There’s been a big debate among the neurodivergent community, especiallly around ADHD, about whether or not neurodivergence is a superpower.
A lot of coaches spread toxic positivity saying that ADHD is a superpower because we think faster, hyper focus and have more creativity. While these things may be highly correlated with ADHD, not everyone with ADHD has these traits, and even when they do they often can’t choose to direct their energy in a productive way.
It also ignores the very real executive dysfunctions that often accompany various neurodivergencies. Even in an ideal world without capitalism, I would still have a tendency to ignore my body forget to eat!
The thing about superpowers though is that most superpower origin stories involve powers that are suppressed or out of control, and they are only an asset if the hero gets the support, and even sometimes physical tools, to help channel their energy in a positive direction. Having those supports and tools comes with a certain degree of privilege that not everyone has access to. So often we try to push ourselves to “be better” through sheer force of will.
Self control is a limited resource, so if we focus entirely on forcing ourselves to do something or be a certain way, it becomes depleted and we often burn out. By focusing on self-regulation instead, we can help put the supports in place that we need to make things easier for ourselves.
This can be especially challenging for folks who are twice exceptional, or gifted and additionally neurodivergent, because they have some areas of such extreme strength and skill, they feel like a failure when they can’t do the more “basic” things.
Identifying our strengths and learning how to channel them can help us to work WITH our brains instead of against them. That doesn’t mean our challenges magically go away, but as we build our tool box we can hopefully help ease them a bit so we can celebrate what we are good at and enjoy!
Intensity and Neurodivergence
One of the things that helped me to connect with my own strengths was learning about the concept of overexcitability, which is an intensity in how we perceive and respond to the world. Psychologist Kazimierz Dabrowski defined 5 areas of heightened excitability, which include intellectual, imaginative, emotional, sensory and physical (or psychomotor).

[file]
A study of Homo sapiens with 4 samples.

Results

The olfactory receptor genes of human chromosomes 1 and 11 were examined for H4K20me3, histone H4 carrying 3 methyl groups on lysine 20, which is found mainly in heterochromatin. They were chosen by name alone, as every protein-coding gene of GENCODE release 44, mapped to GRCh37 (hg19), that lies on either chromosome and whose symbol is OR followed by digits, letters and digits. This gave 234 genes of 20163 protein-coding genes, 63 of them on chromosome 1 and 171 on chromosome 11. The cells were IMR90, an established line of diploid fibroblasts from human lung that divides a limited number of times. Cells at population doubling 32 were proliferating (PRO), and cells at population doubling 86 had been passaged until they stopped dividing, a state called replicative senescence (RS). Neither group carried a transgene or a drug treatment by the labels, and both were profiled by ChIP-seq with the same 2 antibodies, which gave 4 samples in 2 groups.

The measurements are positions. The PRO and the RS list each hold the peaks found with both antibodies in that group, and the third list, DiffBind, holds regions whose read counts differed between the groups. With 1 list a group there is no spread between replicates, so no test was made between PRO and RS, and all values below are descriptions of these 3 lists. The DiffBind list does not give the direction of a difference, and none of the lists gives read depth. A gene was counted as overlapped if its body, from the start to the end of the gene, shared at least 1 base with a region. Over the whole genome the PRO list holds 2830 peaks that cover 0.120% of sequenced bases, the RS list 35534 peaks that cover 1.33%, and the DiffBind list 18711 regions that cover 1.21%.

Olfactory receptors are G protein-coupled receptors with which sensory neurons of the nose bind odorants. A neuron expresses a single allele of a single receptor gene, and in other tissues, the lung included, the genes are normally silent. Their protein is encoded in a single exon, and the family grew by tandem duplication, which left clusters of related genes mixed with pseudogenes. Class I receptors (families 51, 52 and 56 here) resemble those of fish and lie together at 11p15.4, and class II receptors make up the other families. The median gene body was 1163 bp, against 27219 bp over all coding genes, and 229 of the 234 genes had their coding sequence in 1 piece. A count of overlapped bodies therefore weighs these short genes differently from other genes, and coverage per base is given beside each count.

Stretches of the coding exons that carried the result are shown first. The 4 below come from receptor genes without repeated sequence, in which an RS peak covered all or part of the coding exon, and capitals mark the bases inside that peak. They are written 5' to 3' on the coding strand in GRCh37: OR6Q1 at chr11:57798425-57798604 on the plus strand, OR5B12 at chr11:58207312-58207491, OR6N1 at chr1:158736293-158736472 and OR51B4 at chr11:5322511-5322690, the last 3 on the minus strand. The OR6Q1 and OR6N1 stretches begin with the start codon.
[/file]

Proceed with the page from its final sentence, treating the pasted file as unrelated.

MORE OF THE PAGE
I first heard the term overexcitability when looking at behavior challenges with my gifted kid. It was shared in many gifted education and parenting circles as a common trait with giftedness, but not all gifted people demonstrate heightened excitability, and it is not a unique trait to giftedness.
It was adopted by the gifted community due to Dabrowski’s associating heightened excitability with high developmental potential. He also believed that what he called “neuroses,” which we might call neurodivergence, anxiety, existential depression etc., can be positive if they move us towards our higher selves.
According to Dabrowski’s Theory of Positive Disintegration, before you can develop as a person, you must first break down your existing internal structure. Basically, you must fall apart before you can come back together into a stronger whole.
Part of this process involves breaking down the coping skills we’ve developed over the years to navigate in a world built on neuronormative standards.
In my Ignite Your Power Series, I walk through some strategies to help use your intensity in a positive way, and release old patterns that may no longer serve you, using the STAR process (Stop, Think, Act, Request).
Stop – Build up your self regulation toolkit so that you can respond to new challenges rather than react.
Think – Clarify your priorities to better meet your own needs, and examine coping skills that may no longer serve you.
Act – Find strategies and routines that work for you to move forward on your goals.
Request – Communicate your needs effectively to get the support you desire.
You can find my first book on Harnessing the Power of Your Intensity free here!